By Marlene Cimons, National Science Foundation
Everything is composed of molecules, including human cells and non-living materials. Not surprisingly, if scientists want to better understand the action of cells or how chemical reactions can create compounds, it helps to know more about how single molecules behave.
Until recent years, however, it hasn’t been easy to study individual molecules, nor has it always been accurate. For example, there typically are only a few molecules of any one kind per cell, so it was difficult in the past for researchers to see them unless they added massive amounts of additional molecules. This, however, risked changing the cells’ behavior, and possibly distorting the results.
During the 1990s, however, it became possible to detect a single molecule with the introduction of highly sensitive fluorescence microscopy that enabled researchers to see single molecules in their natural environments, and in their normal amounts--in other words, in the real world, not an artificially skewed one. These instruments consistently have improved over the years, and promise to help answer important questions in biology, medicine and nanotechnology.
“Single-molecule microscopy has evolved into the ultimate-sensitivity toolkit to study systems from small molecules to living cells,” says Nils Walter, a University of Michigan chemistry professor. “It raises the prospect of revolutionizing the modern biosciences.”
Single-molecule science potentially could inspire new approaches to cancer detection and treatment, as well as that of other diseases, and have a major impact on technology by providing efficient, economical and environmentally-friendly ways to manufacture a variety of products.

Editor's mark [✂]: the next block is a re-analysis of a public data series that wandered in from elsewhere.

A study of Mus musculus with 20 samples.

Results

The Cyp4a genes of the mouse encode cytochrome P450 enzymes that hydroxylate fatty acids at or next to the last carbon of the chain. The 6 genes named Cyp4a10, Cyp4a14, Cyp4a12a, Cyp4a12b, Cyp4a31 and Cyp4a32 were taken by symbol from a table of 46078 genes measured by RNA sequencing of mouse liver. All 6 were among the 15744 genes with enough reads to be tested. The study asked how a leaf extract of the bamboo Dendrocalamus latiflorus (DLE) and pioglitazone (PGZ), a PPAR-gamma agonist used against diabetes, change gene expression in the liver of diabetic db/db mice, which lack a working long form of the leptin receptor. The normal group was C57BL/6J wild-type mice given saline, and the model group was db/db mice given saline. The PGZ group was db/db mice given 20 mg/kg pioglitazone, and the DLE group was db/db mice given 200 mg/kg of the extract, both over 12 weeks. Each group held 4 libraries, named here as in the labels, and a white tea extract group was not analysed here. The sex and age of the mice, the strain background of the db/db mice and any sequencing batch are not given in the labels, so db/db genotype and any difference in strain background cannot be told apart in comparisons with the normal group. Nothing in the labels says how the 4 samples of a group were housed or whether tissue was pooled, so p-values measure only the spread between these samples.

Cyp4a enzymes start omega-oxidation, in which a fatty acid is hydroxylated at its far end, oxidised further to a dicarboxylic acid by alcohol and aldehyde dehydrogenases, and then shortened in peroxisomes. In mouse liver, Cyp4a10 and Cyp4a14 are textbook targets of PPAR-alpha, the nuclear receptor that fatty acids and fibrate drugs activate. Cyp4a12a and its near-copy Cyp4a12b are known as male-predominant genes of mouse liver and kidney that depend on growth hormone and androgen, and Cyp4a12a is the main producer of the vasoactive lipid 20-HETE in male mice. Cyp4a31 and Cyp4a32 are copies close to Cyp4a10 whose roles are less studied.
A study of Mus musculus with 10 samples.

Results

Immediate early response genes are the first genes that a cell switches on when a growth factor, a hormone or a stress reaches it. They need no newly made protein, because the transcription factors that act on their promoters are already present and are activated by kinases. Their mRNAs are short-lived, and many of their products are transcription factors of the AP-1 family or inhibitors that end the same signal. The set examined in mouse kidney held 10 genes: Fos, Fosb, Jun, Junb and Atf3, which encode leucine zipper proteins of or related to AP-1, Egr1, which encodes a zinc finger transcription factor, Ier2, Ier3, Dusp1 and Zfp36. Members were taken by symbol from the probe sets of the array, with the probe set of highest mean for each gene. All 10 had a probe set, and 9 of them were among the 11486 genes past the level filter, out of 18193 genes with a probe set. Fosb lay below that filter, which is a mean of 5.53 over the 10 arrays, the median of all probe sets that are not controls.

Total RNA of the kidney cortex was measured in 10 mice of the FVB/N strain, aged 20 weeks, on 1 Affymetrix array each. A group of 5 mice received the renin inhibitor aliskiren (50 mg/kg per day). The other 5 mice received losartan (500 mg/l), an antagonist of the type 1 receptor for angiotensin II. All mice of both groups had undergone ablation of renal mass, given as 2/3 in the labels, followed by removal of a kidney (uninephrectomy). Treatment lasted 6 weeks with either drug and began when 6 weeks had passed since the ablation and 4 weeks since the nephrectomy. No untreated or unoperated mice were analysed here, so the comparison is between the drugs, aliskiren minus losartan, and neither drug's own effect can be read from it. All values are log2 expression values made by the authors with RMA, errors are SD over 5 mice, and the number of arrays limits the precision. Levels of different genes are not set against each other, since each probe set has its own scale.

Walter directs the Single Molecule Analysis in Real Time (SMART) Center, a new facility at the University of Michigan that hopes to bring together basic scientists, engineers and clinical researchers to further expand the growing field of single molecule science.
While single-molecule science is not new, its equipment generally has not been widely accessible to scientists. The center, which opened in April, intends to make its equipment and expertise available “to anyone with an idea, a scientific system, a catalyst they want to test, or a molecule they want to see,” Walter says. “This makes it broadly usable to more people, not just to the pioneers in the field.”
The idea to establish the center grew out of a 2006 conference at the university convened to discuss the future of single molecule science. Most of the participants, which included many scientists already deeply involved in this type of research, concluded that the discipline “was missing a basic education mission, opportunities for people who have biological materials of different kinds to become educated in what these tools do, and how to use them to see things they never could see before,” Walter says.
The National Science Foundation is supporting the center with nearly $1.2 million over three years, as part of the American Recovery and Reinvestment Act of 2009. In addition to purchasing the instruments, the effort has created a number of new jobs both at the university and within the companies that manufacture the sophisticated instruments.
The latest technology “brings the molecules as close to reality as possible,” Walter says. In cancer, for example, “now we can look at a cell in a much less perturbed way, in a much more natural biological context. We can now learn how a cell becomes a cancer cell. If you compare the cancer molecules to normal individual cell molecules, you can better understand what makes them cancerous, and do a better job of targeting them for therapy,” he says.
“We can localize the molecules within the cell, with better resolution, and watch them go about their business,” Walter adds. “This is the promise of single-molecule tools - to see how a cell becomes cancerous, to see how the molecules are altered, to follow the molecules in the cell and see how they go about transforming the cell into a cancer cell.”